Joel Sage's blog

Righthaven's Copyright Trolling is a Bankrupt Idea

It’s been several months since we last checked up on Righthaven.  How is everybody’s favorite copyright troll doing?

Well, they might be going bankrupt:

The Las Vegas copyright-trolling firm Righthaven told a Nevada federal judge Friday [September 9, 2011] it might file for bankruptcy protection, or cease operations altogether.

To prevent that, Righthaven is asking U.S. District Judge Philip Pro to stay his decision requiring Righthaven pay $34,000 in legal fees to an online commenter it wrongly sued for infringement.


Two legal developments in Nevada and Colorado last week make Righthaven (previous post here) a textbook example of how not to win a lawsuit.  In their cases against the Democratic Underground (of which details can be found in the CMLP legal threats database) and Brian Hill (whose case filings are available on Scribd), Righthaven appears to be suing without owning the copyright and picking a fight with the judge handling dozens of still-pending cases, respectively.


A few days ago, I attended oral arguments before the First Circuit Court of Appeals in the case of Joel Tenenbaum, a graduate student being sued by various record labels for sharing music files via a peer-to-peer service over the Internet (Sony v. Tenenbaum, docket available here).  I’ve already written up some of my thoughts about the possible outcome of Joel’s lawsuit over at my regular blog, Legally Sociable.

Here, I’d like to expand my analysis somewhat to cover Tenenbaum’s broader implications.  Many CMLP blog readers may be asking themselves, “So what?  What could swapping MP3’s on the Internet possibly have to do with the activities of citizen journalists?”

Under an ideal intellectual property regime, the answer would doubtless be “very little.”  Non-commercial use of music for personal entertainment bears little logical resemblance to news reporting, analysis, and advocacy.  One might reasonably imagine that IP law treats P2P music downloading differently from blogging about the news.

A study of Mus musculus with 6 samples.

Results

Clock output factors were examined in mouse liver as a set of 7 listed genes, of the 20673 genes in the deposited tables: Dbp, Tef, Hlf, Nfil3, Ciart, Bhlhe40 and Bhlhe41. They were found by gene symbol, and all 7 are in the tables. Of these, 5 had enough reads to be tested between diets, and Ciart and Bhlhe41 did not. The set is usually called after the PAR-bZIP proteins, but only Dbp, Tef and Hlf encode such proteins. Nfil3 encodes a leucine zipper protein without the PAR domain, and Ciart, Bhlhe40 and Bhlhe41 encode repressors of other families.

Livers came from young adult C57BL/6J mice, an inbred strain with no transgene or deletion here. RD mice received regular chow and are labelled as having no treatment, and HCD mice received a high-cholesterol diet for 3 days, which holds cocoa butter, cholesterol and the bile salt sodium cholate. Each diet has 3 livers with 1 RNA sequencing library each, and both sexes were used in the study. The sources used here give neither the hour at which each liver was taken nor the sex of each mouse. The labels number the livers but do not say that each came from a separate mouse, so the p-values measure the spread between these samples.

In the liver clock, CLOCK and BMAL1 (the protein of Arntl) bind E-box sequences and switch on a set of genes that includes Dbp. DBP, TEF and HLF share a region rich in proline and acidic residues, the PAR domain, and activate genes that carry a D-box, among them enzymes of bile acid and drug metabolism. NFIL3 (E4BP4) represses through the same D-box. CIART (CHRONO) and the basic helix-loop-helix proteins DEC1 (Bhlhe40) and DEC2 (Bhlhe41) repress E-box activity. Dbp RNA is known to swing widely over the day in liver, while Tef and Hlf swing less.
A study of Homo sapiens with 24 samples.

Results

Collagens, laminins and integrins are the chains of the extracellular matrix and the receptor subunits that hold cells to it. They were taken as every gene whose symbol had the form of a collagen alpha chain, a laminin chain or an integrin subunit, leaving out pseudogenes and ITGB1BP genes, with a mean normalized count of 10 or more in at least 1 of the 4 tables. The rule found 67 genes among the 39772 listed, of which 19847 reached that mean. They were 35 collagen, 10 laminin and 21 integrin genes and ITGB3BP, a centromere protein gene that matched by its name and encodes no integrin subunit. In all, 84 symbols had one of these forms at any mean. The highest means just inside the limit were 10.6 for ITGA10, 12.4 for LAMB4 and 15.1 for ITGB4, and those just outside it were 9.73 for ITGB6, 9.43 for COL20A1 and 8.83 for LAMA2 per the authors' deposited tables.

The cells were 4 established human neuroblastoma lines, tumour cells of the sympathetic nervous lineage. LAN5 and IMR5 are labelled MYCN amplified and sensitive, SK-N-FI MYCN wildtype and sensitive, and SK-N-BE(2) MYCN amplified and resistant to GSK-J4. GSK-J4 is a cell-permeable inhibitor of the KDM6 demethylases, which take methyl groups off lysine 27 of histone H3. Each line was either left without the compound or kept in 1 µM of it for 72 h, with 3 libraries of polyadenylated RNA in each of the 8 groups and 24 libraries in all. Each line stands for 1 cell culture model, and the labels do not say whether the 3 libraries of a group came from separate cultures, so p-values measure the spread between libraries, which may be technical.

Unfortunately, in the real world, the law ends up treating blogging almost exactly like file sharing because both activities primarily fall within the purview of copyright law.  Moreover, 17 U.S.C. § 504(c) provides extremely flexible statutory penalties “as the court considers just.”


Righthaven, a copyright-enforcement entity that sues first and asks questions later, comes up a lot here at the CMLP, both on the blog and in the legal threats database.  As a recent profile on CNN.com illustrates, Righthaven’s founder Steve Gibson thinks he is simply enforcing content owners’ rights within the digital landscape:

What really is happening here is a realization of the infringement community that the days of merely receiving a takedown letter are over, and that people will have a means to protect their ownership rights. Like you're taught in grammar school, it's not right to take someone else's work, whether it's cheating or plagiarizing. Whether the Internet permits you to do it, that doesn't make it right.